Daddy's Issue: Letter to my son Luca 

by Kevin Aldrich

Daddy’s Issue is a series of personal essays where we try to discover what causes the strong connection or disconnect between fathers and sons, older generations and the young. Today we asked our friend, photographer Kevin Aldrich, who met his future wife Kateryna in the City of Love and moved to Paris to follow her—the love of his life. Recently Kevin became a father himself, and here is his beautiful letter to his son Luca.

To my son Luca,

Thirty-five years ago, I was born to a mother and father who decided to bring another life into this world. As I sit here and write this letter to you, my mind becomes filled with happy memories of what my childhood was like with my father. By the time you are old enough to read this, many things will have changed in this world, but one thing will always remain the same: I will always be your papa.

I remember in the early 90s, driving from Georgia to Florida to go swimming in the Atlantic Ocean and feel the sand on my feet. I remember summers spent in Connecticut, driving home from a long day of exploring Hammonasset Beach State Park and eating ice cream at Les’. I remember fishing for trout in the Chattahoochee River and making sure that I had all my tackle. During each of these trips, my dad was there to help lift me up when I fell, tell me when to be patient when I felt frustrated, or to just let me eat ice cream even when I wasn’t supposed to—those were the days!

Now as a father, I begin to understand, or at least scratch the surface, of how he might have felt all those years ago. I feel motivated, strong, a bit nervous, excited, tired, euphoric, and probably many other things. That’s what happens knowing that I am the backbone of your existence, at least until you are old enough to make decisions on your own. All these feelings that I have push me to strive for the best scenarios that will allow you to develop. I hope that I can live up to that expectation. My life before you were born consisted of many responsibilities, but none of which had amounted to such a great responsibility as caring for you. The day you were born, I knew that the one thing that would change instantly was that the love that I have for you and Kateryna would grow and be even stronger. To me, nothing else would change. Sure, I have a little less sleep, a little less time alone, and I will have to spend a little bit more money, but in my opinion, having you doesn’t change our way of living. Kateryna and I wanted to bring you into this world and into the life we live. I believe that’s how my father chose to use his time as a parent, how your grandparents chose to raise their daughter, and how a family can grow together.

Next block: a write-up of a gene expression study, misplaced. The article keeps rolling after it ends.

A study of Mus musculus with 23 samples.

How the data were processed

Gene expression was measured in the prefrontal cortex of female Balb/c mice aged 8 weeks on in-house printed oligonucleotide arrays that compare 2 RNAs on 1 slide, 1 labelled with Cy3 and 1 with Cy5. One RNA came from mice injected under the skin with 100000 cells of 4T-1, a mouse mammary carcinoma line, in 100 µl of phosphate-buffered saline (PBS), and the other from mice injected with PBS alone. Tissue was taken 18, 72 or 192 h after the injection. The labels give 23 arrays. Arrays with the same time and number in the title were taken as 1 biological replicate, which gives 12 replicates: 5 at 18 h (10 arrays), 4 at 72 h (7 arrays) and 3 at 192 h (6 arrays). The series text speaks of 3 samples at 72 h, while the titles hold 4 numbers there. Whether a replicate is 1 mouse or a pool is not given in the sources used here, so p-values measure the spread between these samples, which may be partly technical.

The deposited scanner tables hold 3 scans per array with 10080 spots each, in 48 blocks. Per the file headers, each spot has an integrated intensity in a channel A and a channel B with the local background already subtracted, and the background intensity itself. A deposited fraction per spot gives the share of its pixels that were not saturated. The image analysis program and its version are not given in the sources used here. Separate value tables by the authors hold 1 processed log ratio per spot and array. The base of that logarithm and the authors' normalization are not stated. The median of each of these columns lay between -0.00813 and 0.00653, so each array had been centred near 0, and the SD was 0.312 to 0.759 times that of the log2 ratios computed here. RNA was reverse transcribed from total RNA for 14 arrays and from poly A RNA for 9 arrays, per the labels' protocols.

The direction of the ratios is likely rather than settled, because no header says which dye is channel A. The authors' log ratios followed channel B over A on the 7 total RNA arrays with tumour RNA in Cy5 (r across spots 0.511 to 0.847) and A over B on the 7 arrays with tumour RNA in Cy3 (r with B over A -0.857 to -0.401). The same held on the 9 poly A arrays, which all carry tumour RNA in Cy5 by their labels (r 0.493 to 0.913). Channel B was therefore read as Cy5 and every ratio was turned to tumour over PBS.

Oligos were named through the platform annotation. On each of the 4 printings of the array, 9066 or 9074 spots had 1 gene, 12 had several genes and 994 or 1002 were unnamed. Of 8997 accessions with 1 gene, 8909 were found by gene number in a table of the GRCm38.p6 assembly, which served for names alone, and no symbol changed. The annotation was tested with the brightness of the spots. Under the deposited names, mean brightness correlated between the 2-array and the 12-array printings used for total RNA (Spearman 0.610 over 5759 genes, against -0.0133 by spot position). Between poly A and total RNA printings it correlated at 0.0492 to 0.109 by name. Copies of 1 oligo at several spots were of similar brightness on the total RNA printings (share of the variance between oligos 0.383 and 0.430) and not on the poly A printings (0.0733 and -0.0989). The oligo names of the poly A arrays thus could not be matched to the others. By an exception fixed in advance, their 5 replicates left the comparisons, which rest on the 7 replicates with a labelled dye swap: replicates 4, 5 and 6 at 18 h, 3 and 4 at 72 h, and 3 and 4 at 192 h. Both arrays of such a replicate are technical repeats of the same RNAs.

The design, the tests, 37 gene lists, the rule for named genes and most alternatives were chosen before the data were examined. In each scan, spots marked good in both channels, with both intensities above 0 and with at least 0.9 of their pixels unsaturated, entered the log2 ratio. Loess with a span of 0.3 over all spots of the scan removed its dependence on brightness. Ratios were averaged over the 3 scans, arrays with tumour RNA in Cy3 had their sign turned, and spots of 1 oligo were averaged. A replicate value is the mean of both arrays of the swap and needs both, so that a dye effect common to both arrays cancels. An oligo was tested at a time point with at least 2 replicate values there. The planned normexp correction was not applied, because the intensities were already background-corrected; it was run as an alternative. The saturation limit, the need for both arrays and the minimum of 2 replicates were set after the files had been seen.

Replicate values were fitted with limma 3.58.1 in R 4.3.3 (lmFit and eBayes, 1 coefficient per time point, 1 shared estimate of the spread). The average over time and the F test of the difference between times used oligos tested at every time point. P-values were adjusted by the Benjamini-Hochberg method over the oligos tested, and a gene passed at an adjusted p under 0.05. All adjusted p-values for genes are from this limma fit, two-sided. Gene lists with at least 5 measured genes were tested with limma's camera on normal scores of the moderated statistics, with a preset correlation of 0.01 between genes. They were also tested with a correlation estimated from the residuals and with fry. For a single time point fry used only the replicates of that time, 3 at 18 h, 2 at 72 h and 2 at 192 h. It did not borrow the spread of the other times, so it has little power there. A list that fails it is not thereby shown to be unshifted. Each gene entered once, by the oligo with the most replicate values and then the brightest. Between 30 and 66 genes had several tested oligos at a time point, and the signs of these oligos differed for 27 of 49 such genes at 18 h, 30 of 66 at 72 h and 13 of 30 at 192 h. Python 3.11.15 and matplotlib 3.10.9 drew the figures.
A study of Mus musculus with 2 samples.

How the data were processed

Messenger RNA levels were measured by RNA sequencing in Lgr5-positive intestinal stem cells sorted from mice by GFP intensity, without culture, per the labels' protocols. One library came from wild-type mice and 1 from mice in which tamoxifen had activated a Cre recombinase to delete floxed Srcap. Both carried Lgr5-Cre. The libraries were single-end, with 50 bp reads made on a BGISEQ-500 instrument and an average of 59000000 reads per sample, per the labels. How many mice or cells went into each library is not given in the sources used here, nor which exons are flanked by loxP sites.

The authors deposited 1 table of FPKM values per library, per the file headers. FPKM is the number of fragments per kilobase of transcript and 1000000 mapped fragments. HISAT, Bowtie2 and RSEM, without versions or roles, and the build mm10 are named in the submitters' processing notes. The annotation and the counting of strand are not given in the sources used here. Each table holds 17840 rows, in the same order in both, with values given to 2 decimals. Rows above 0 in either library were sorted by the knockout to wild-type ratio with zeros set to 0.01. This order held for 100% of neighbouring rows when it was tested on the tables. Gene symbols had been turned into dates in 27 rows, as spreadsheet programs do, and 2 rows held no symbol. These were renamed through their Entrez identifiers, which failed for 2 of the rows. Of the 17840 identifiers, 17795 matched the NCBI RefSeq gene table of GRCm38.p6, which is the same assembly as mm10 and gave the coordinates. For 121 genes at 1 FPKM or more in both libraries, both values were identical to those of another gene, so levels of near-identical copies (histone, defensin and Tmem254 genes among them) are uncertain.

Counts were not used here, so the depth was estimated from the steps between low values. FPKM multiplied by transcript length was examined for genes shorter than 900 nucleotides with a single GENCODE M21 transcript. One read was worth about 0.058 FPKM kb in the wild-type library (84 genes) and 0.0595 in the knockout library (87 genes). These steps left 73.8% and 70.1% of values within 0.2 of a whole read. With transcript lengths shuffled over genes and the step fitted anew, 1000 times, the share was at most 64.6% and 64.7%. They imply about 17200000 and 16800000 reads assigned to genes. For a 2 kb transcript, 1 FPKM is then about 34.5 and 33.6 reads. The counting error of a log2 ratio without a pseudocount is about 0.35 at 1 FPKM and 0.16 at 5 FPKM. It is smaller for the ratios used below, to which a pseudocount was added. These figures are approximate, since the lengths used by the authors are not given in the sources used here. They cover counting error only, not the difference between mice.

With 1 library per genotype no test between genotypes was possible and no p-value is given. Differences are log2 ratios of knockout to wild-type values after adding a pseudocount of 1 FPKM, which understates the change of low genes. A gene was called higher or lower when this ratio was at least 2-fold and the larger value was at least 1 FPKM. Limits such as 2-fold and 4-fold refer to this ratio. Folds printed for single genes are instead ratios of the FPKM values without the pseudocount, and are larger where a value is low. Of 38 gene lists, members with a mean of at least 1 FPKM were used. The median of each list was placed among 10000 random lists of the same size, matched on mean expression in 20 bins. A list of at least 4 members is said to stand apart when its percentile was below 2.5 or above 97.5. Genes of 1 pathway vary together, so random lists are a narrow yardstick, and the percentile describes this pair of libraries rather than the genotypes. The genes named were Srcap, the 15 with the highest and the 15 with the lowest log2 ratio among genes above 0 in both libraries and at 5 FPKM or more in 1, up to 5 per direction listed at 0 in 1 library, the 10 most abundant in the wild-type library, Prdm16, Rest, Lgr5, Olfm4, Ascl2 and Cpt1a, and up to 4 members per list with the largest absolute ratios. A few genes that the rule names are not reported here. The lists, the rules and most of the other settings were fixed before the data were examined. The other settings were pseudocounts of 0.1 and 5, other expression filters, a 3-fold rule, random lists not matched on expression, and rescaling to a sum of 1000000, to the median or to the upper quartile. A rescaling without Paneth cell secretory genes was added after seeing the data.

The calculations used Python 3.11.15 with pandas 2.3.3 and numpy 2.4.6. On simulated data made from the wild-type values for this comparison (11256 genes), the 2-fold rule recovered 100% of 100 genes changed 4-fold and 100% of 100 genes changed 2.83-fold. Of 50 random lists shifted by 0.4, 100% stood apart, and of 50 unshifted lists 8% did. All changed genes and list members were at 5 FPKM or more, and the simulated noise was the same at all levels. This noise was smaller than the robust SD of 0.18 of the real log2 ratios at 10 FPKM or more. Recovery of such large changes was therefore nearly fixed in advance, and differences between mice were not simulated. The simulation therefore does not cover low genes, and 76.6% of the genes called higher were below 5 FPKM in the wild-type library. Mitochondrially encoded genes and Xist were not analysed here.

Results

As a son, I always looked up to my father. Sometimes he struggled, sometimes we argued, but in doing so, it strengthened our bond. I felt it was my obligation to not only live up to his standards, but to surpass them. I must say, though, in looking back through the years and being the age that I am now, sometimes it was hard to rationalize and perceive all that my father has done and will continue to do in my life. That’s something you will have to learn the older you get as well. I’m not giving you all the answers, Luca, and I am not sure that I have all the answers to your questions you will ask me one day. But, if I were you, I would never stop asking.